Senator Tim Kaine went home last night from his Irish New York fundraiser at FitzPatrick Hotel with the Clinton/Kaine campaign $200,000 richer. Also present on the night were actor Liam Neeson and Governor Andrew Cuomo as well as former City Council President Christine Quinn.

It was a fitting final fundraising event for the VP candidate, but more importantly he connected extremely well with his Irish American audience. Fundraiser host John FitzPatrick put it best when he simply told Kaine he was among friends, the Irish of America, his own people, which seemed to move the Virginian Irishman deeply.

Kaine, taking to the stage without notes, quickly endeared himself to the Irish Americans, many of whom had been disappointed the real Tim Kaine had not shown up for the VP debate where he appeared over prepared.

Irish Americans voting for Clinton Kaine

— Voices4Hillary (@voices4hillary) October 26, 2016

His remarks were very similar to what he had told the American Ireland Fund last March at their annual dinner, explaining his late but deep connection to his Irish roots.

Kaine said he always relished his Irish roots and admired the Irish "who for so many years were the underdog, but never afraid to fight."

"In this election", he said "we are running as the underdog until we win."

He continued, "In some states the polls are very close, and the polls can be wrong, so we have to make every vote count.

“There are two things about my political record, one good, one not so good. The good thing is that if we win on November 8, I will be 8 and 0 (in winning elections). The not so good thing is that I win by small margins."

Our Atlanta rally Irish American Democrats helping to #turngeorgiablue and support #georgiademocrats for Hillary!

— Irish American Dems (@IrishDems) October 25, 2016

Kaine touched on his deep Irish roots.

“Until I was 48 years old, Ireland played a huge and important role in my life but sort-of in the dreams of my life…I had never been to Ireland. So it was photos, it was genealogy and it was family stories and it was Roman Catholicism and it was music and it was St. Patrick’s Day. That’s what being Irish meant to me but I felt the deep connection to it.

“When I was Governor of Virginia in my first year, 2006, my wife Anne and I took our three children to Ireland to go find the ruins of the home where my great-grandfather, PJ Farrell, was born. My parents had been there before and found it. We went to Dublin and my children were having a blast. They were all teenagers and when I said, ‘We have to spend a day traipsing around in the countryside instead of hanging around in Temple Bar and Grafton Street,’ they were extremely disappointed in their Father.

“As we drove to Longford, which isn’t exactly the tourist zone, they continued to complain. But when we landed in Longford town my 11-year-old daughter said to me, ‘Dad, why does everyone look like us?’ And they started to get it.

“And then we drove the 10 km to Killashee Parish and then we parked the vehicle and traipsed a half a mile across fields and found two still standing walls of what had been a house with windows and doors but now with a tin roof stacked with hay and I told my children, ‘This is where we come from.’ And it, even with unruly and obnoxious teenagers, made a huge impact on them and since that time we have been back very, very often.”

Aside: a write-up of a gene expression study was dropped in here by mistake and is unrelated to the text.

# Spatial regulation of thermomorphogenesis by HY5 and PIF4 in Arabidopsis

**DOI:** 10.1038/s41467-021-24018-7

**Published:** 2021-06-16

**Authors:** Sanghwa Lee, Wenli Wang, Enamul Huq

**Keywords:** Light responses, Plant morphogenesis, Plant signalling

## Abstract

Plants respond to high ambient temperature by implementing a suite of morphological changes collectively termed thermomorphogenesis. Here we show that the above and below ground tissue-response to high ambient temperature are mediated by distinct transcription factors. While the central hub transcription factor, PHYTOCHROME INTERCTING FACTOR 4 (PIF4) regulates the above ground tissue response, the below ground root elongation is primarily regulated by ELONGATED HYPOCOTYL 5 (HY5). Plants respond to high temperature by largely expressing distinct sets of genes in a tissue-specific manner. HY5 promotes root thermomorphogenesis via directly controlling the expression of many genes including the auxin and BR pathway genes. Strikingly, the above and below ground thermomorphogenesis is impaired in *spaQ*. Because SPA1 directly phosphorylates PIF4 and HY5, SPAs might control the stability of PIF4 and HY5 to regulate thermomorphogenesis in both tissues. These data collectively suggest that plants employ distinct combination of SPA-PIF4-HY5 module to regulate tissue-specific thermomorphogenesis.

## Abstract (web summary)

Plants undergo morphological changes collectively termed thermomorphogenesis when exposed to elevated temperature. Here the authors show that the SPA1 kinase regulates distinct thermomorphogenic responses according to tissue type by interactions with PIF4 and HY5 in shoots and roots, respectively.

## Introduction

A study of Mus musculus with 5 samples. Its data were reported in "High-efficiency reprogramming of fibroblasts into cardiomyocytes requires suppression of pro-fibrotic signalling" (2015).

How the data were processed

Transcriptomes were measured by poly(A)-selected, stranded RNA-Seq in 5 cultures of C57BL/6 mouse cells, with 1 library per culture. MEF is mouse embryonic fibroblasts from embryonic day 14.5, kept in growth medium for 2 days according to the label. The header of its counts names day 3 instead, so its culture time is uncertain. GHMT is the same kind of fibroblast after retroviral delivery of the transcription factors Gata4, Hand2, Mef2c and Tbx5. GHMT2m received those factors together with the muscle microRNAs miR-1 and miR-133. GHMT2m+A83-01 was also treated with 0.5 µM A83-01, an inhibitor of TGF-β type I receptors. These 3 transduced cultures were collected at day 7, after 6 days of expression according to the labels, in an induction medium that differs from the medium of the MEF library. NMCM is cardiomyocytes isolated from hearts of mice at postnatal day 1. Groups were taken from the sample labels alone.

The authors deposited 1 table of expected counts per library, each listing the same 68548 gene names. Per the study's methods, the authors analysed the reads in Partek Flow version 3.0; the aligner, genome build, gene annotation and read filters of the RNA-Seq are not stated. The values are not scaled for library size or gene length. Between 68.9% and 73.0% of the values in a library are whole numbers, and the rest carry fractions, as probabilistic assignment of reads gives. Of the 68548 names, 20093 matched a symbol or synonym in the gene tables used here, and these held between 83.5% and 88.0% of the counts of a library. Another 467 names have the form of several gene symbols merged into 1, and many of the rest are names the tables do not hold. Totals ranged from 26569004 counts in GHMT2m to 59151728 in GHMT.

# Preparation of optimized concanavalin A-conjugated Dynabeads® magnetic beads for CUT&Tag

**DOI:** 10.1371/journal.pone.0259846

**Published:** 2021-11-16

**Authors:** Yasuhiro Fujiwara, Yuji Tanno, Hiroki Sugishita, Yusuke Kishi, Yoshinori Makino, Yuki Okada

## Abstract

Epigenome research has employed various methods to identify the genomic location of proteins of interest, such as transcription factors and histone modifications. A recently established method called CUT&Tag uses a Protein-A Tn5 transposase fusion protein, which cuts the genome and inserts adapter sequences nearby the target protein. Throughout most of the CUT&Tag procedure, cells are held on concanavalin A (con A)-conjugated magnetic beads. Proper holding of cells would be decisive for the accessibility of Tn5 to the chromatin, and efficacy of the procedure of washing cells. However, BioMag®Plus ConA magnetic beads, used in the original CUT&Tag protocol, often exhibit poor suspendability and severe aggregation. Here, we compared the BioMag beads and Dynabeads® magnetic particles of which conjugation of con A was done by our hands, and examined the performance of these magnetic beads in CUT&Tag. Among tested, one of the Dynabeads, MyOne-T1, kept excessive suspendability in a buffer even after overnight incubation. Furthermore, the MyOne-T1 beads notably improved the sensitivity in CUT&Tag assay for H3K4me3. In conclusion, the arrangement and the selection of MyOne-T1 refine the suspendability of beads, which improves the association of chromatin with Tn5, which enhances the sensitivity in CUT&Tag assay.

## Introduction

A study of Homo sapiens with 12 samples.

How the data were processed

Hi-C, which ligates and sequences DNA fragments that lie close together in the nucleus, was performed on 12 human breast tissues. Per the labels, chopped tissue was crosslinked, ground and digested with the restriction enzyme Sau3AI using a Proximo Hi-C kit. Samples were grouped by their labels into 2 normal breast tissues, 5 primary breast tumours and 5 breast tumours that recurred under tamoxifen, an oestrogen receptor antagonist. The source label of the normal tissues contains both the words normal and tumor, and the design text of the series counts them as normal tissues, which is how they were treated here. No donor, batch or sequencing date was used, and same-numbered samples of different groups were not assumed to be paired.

Read more: The secret life of Tim Kaine, harmonica player, Irish genealogist

Kaine quotes W.B. Yeats a lot, something he has in common with outgoing VP Joe Biden, most recently when talking about the Syrian refugee crisis where he pleaded that ISIS was the enemy not the refugees.

He is deeply religious. Unusually for a Democratic politician he wears his faith on his sleeve.

He loved the tale of the Good Samaritan and talks often of the need for politicians and society at large to model themselves on that story, helping those left behind not ignoring or dividing them. The contrast with the Trump message could not be more evident.

He quotes Yeats saying, “The best lack all conviction and the worst; are filled with passionate intensity.”

One feels that will never be true of Kaine in terms of beliefs and intensity. Former civil rights lawyer, successful politician and now likely a heartbeat from the presidency Tim Kaine seems to cut the mustard for the job. Hillary chose wisely and well.

Hillary's plan for advancing equity & opportunity for Irish Americans: #StPatricksDay

— Hillary for NH (@HillaryforNH) March 17, 2016

While in New York Kaine was also a guest on "The Rachael Maddow Show" on MSNBC.

The candidate told Maddow that he’s looking forward to serving a female boss as Hillary Clinton will be his first. He said, "Other than supervising attorneys on occasion, this will be the first time I've had a female boss,” and added, “Wow, I hadn't thought of it that way.”

A civil rights lawyer and self-described feminist he sayshe "relishes" the idea of reinventing gender norms in the White House alongside Hillary.

"I get to now play a supportive role — that's what the vice president's main job is — to a woman who's going to make history, to a president who will preside over the centennial of women getting the right to vote," Kaine said.

He said Clinton’s election would normalize the idea of women in the White House and his role as Vice President would normalize the idea that “strong men should definitely support strong women.”